Comics

The Road to WandaVision: The Vision No.’s 8 & 9

…”They would finally understand what caused Vision’s fall into madness. They would finally know what could possibly make him want to harm his friends.”

It’s been a long, weird road with the Visions, and in issue #8, you’ll never guess who turns up at the family’s door. The next chapter in Tom King’s The Vision introduces a new player into the strange game of suburban normalcy that our synthezoid Avenger is playing, and with him comes a host of difficulties that are far more of man than machine. 

Enter Victor Mancha: synthezoid, Runaway, one-time Avenger, and …half-brother of the Vision. Created with the assistance of a decapitated Ultron (comic books, ammiright?) to be a sleeper agent within the Avengers, Victor Mancha is, from a certain point of view, the younger sibling of the Vision. And, like the Vision, he too overcame his original, more nefarious programming to fight for the side of good. The Vision values his relationship with Victor, and loves him as he would a brother of flesh and blood. It’s for this reason that the Avengers have tasked Victor with the mission of spying upon the Visions, and extracting any information regarding Virginia’s misdeeds that he is able. 

Not having been familiar with the character of Victor Mancha, or Victory, as he is codenamed, I took an immediate shine to his relationship with his brother. As a fanatic of the NES Mega Man series from the early 90’s, I picked up on some real Mega Man/Proto Man vibes, and I was digging it all the way down to the last page! There was something, too, in the way that the Vision regards Victor with such acceptance and warmth that moved me, and the representation of their sibling dynamic felt genuine. 

Issue #8 is an interesting one in that it feels much like the first episode of a new season of television. Time has passed, as indicated by the winter weather and warmer dress, and we’re slowly re-introduced to the main cast of characters as they’re revealed panel by panel. After the last issue’s tonal palette cleansing, issue #8 brings plenty of room to begin the closing arc of the series. We’re given a sense of hope for the Vision family, a belief that they may be able to put all of their tragedies behind them, and move forward. If you’ve been paying any kind of attention at all to this series, though, you know that the build up of the sweet will only make the bitter that much more devastating, and King excels at pulling the rug out from beneath you despite the fact that you’ve learned to expect it. 

While the 8th issue spends more time developing the backstory of Victor Mancha, it’s issue #9 that provides the full-on, trainwreck outcome of the events in the preceding issue. While Mike Delmundo’s cover art isn’t always an illustrated summary of the goings on beneath it, the cover of this entry is not only macabre, but incredibly telling. In it we see the mangled remains of Vic, heaped into a metal trash bin, seemingly without care or ceremony. His broken body is enmeshed within a snarl of damaged circuit boards and wire, and his leering mechanical skull appears to grin above a hanging placard that reads “HERE LIES A VISION – MAY GOD HAVE MERCY ON ITS SOUL.”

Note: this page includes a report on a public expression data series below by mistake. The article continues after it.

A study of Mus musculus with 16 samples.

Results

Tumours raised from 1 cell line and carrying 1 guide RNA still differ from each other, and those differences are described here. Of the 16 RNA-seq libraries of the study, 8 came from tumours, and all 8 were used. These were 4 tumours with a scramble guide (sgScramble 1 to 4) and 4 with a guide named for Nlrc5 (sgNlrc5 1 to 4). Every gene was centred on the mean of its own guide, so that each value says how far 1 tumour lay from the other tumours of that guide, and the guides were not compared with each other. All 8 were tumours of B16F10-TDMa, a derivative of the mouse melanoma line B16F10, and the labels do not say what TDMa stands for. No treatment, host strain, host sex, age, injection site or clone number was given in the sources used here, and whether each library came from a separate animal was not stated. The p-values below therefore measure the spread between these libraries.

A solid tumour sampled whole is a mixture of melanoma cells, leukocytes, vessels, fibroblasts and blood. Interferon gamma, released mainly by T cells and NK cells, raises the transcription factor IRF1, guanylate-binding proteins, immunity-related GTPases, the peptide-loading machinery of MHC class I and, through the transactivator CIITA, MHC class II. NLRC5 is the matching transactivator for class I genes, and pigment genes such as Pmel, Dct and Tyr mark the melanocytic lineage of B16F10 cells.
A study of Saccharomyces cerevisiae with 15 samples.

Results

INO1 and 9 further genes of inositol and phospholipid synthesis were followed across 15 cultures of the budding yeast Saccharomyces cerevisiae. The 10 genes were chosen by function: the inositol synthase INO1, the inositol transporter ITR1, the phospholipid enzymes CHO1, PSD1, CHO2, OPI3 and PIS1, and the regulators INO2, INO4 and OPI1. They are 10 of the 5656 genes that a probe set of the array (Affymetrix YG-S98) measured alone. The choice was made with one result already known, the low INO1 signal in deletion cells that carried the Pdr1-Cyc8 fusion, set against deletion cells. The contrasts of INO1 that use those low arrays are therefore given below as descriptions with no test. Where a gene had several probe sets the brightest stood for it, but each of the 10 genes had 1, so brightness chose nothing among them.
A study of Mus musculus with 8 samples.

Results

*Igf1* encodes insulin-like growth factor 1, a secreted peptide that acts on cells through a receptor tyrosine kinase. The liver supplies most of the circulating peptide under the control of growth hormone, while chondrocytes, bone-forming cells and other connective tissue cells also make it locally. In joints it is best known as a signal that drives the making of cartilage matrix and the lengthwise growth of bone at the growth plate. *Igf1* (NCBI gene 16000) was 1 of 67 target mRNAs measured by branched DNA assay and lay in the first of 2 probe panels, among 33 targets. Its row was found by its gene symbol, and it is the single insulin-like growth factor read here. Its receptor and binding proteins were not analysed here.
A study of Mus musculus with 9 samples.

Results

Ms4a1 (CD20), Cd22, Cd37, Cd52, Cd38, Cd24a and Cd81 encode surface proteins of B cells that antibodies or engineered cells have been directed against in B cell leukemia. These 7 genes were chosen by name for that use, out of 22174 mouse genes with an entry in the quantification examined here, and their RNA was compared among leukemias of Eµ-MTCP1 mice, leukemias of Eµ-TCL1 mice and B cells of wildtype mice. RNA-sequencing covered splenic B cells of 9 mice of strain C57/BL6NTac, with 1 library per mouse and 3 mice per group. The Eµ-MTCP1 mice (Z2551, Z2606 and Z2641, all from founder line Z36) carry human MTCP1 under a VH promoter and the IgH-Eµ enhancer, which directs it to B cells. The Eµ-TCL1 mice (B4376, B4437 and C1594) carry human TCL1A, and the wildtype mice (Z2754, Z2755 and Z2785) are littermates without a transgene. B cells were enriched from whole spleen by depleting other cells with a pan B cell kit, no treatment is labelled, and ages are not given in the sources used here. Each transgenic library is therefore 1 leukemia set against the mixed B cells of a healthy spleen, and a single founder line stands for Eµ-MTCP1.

This is not my least favorite cover, but it is the one that I find the most disturbing. It speaks of a frailty that we all possess, and yet so many of us take our human durability for granted. We believe that, somehow, these bodies were built to last – impervious! – and we must be smarter than our peers who’ve erred in such a way as to bring about untimely ruin or decay. 

Darkness is a pervading theme in this issue, both in terms of color palette and subject matter. While events occurring in the present take place in night time interiors, both Jordie Bellaire and Gabriel Hernandez Walta rely on the coolest pole of the spectrum in flashbacks. In these we see detailed Victor’s struggle with vibranium addiction in pale blues and shades of gray, and they’re not shy with the use of blackened, negative space. Even Virginia is far more dark in dress and demeanor, and it created in me a tremendous swell of sympathy for her plight. I don’t think there’s much that frightens me more than the potential consequences of action taken to defend my family – there will be, inevitably, those who fail to see savagery of any kind as justified.

In terms of Victor’s inner darkness, I found it intriguing that King chose to introduce the concept of substance abuse and dependency. Thus far we’ve seen an array of human emotions experienced and displayed by synthezoids, so the idea of that type of flaw in an android is simultaneously interesting and unsettling. From my own experience I’ve found that addiction spoils even the purest, most noble of intentions, and granting that trait to an artificial person moves them, perhaps unknowingly, that much closer to genuine humanity. It’s that unforeseen development, that ghost in the machine – if you’ll pardon the pun – that serves to provide the key to both the Avengers’ and the Vision’s undoing. 

The Avengers sought to discover what could make the Vision destroy the world around him, and they knew a confrontation could provide the trigger. Their deception proved to be the cause of the Vision’s desire for vengeance, however, and now the world owes a debt that it did not knowingly accrue. It’s for this reason that Victor, child of Ultron and brother to the Vision, failed to see the error in his benign duplicity, and how – ultimately – it’s often a manic desperation to prevent a certain future that brings it, quietly, into heartbreaking manifestation. 

 A human trait – if there ever was one.